UF Law alumnus and ABA Tax Section chair prepares ground for tax reform
BY MATT WALKER
When President Barack Obama announced tax reform as a major priority in his State of the Union Address in January, it meant more to Charles Egerton (JD 69) than to most of us.
You see, in addition to serving fulltime as a practicing tax and corporate law attorney in Orlando, Egerton is chairman of the American Bar Association’s Section on Taxation. With 24,000 members, it’s the largest professional tax attorney group in the nation.
“It’s almost a second job,” said Egerton, a founding shareholder of Dean, Mead, Egerton, Bloodworth, Capouano & Bozarth, P.A. in Orlando. “When all is said and done, I will have probably at least 1,000 hours in this year — during my term — and it’s something I’ve really enjoyed.”
The prospects for tax reform received a significant boost from the report issued in December by the National Commission on Fiscal Responsibility and Reform, which called for comprehensive tax reform as one of the central components of a plan to restore fiscal responsibility to the government. One month later, the national taxpayer advocate issued her annual report to Congress in which she listed the need for comprehensive tax reform as the No. 1 priority for the tax system this year. In addition, both the House Ways & Means Committee and the Senate Finance Committee have begun hearings on tax reform.
Because of the potential for wide-ranging federal tax reform, Egerton said he has asked each of the ABA Tax Section’s substantive committees — there are more than 30 — to look at their areas of responsibility in the internal revenue code and prepare a paper on what is working and what isn’t. The committees will examine how their areas of tax law could be reshaped to make the laws simpler, fairer and easier to administer.
“This is probably the largest project the tax section has undertaken in a good 20 or 30 years,” he said.
Egerton said the ABA Tax Section is “saying if you’re going to undertake tax reform, we’re going to give you some nuts-and-bolts-type recommendations on how to improve the code, make it more workable.”
Once the papers are in, they will be submitted to the House Ways and Means Committee, the Joint Committee on Taxation and the Senate Finance Committee.
“The Finance Committee is just beginning the long process of tax reform, and Chairman (Max) Baucus places great value on input from experts and stakeholders, including the ABA,” said a Finance Committee aide. “Analysis of tax reform from the ABA and other well-respected groups will certainly be taken into consideration as the process moves forward.”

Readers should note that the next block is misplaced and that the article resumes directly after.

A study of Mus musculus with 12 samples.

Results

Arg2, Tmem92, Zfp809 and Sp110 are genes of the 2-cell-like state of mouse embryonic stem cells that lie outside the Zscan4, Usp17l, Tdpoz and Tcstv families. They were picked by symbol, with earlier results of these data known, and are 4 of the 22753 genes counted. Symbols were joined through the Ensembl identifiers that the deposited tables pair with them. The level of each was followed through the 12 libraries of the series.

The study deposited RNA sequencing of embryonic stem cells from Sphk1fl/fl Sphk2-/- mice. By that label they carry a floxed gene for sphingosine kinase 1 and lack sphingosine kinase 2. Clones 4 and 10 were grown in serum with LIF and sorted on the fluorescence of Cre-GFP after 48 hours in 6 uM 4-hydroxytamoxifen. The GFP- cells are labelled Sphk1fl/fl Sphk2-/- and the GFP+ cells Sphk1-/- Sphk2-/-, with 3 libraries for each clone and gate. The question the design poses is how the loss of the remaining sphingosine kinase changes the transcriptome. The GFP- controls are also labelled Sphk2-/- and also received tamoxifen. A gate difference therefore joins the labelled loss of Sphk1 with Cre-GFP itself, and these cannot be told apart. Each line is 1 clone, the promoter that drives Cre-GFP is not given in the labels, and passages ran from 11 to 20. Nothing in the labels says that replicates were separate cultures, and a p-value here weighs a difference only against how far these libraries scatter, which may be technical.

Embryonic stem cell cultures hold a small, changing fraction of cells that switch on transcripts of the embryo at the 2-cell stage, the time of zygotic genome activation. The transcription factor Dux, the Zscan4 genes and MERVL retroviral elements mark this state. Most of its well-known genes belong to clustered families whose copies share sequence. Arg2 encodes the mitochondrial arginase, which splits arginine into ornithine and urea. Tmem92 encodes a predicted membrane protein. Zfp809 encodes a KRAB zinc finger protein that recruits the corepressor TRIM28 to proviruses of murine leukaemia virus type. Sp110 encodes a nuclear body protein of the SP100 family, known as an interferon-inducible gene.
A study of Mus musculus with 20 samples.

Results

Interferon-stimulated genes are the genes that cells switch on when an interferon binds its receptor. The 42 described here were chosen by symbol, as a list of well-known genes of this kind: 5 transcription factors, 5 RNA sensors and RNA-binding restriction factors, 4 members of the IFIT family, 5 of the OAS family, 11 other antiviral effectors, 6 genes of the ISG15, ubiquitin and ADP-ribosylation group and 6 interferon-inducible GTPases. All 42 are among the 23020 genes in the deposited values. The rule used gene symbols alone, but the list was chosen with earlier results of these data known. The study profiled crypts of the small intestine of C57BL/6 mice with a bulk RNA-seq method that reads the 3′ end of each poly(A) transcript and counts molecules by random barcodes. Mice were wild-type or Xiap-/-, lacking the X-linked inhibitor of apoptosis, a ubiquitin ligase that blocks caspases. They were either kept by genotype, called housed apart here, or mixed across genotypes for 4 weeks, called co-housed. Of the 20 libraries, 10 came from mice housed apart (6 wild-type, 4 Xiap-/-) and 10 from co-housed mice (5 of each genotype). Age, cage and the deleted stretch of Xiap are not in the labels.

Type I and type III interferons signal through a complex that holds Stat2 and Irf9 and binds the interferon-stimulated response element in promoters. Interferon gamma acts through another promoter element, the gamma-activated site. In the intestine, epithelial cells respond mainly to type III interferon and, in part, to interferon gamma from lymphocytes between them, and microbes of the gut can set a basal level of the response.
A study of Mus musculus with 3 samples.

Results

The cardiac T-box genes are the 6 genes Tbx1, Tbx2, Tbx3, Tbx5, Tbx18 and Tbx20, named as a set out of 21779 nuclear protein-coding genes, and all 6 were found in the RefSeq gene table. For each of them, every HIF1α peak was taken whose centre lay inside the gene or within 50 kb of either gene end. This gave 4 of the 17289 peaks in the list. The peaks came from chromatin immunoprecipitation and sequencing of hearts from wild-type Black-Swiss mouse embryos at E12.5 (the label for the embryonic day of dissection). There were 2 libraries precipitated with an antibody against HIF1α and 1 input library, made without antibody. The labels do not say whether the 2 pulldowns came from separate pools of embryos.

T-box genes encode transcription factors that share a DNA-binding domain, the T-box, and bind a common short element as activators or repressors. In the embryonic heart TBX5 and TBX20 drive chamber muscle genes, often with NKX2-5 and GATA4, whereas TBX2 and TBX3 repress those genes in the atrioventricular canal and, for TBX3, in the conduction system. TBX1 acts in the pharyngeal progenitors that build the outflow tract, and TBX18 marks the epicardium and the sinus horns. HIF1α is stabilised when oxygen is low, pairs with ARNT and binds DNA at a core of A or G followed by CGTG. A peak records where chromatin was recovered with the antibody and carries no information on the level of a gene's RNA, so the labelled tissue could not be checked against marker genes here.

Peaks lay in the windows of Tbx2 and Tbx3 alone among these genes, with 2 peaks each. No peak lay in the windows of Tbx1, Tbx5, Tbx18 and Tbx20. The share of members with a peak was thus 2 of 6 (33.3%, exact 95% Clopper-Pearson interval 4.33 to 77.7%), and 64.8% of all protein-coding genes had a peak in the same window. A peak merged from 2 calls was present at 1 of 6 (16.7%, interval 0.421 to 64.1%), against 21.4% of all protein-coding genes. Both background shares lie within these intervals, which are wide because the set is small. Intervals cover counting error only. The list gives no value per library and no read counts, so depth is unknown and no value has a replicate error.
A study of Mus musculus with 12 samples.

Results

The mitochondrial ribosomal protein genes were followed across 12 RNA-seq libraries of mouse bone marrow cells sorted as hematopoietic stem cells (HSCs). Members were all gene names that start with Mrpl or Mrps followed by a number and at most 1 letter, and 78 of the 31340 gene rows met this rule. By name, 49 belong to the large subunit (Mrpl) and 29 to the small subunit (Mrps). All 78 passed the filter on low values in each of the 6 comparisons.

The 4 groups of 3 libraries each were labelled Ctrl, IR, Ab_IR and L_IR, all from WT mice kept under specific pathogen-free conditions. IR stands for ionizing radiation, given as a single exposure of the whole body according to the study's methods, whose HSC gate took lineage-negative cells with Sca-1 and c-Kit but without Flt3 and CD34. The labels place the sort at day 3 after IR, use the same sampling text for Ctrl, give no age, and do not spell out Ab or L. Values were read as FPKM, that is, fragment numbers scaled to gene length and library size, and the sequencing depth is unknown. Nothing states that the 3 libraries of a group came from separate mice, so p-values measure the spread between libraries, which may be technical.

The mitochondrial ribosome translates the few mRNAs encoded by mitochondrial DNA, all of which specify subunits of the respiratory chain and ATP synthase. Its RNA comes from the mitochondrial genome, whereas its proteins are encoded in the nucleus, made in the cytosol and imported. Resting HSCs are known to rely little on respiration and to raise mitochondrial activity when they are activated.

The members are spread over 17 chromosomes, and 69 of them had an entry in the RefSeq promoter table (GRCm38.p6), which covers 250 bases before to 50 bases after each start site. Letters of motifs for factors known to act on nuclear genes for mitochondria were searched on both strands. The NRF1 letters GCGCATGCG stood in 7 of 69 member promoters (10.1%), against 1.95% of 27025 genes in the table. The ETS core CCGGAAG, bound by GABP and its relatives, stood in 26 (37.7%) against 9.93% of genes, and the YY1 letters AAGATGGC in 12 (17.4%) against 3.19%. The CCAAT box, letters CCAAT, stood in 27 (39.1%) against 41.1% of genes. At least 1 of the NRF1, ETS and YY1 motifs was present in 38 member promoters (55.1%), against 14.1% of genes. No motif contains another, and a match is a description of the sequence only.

Michael Friel, UF Law professor, associate dean and director of the Graduate Tax Program, along with UF Law Professor and Alumni Research Scholar Dennis Calfee recently delivered a tax policy presentation with Egerton.
“Charlie is the ideal person to be leading the ABA Tax Section at a time when the possibility of fundamental tax reform is in the air,” Friel said.
Friel said that since the ABA Tax Section is the leading professional tax organization in the country, its reports and recommendations will be the result of careful analysis and will receive serious attention as the tax reform debate moves ahead.
“Charlie — the tax lawyer’s tax lawyer — is so highly regarded for his fairness, legal expertise and leadership skills that the Tax Section’s ambitious agenda could not be in better hands,” Calfee said.
Egerton said that while the ABA Tax Section does not enter into the political debate, it will weigh in on the technical aspects of the code.
He said the rules have become so cumbersome because policymakers have stacked one change on top of another for the past 30 years. “That’s something hopefully we can really make a contribution on and have an impact on the tax system.”
With such a big undertaking, it begs the question of whether the task will be completed by the time Egerton’s term ends in July.
“It’s supposed to be; they probably won’t let me leave without finishing it,” Egerton said with a laugh.
Despite his busy schedule of tax reform and tax law practice, Charles Egerton maintains his connection to the University of Florida Levin College of Law. Egerton’s firm, Dean, Mead, Egerton, Bloodworth, Capouano & Bozarth, P.A. in Orlando, co-sponsored last year’s holiday party at Dean Robert Jerry’s house in Gainesville and sponsors a scholarship to the UF Law Graduate Tax Program.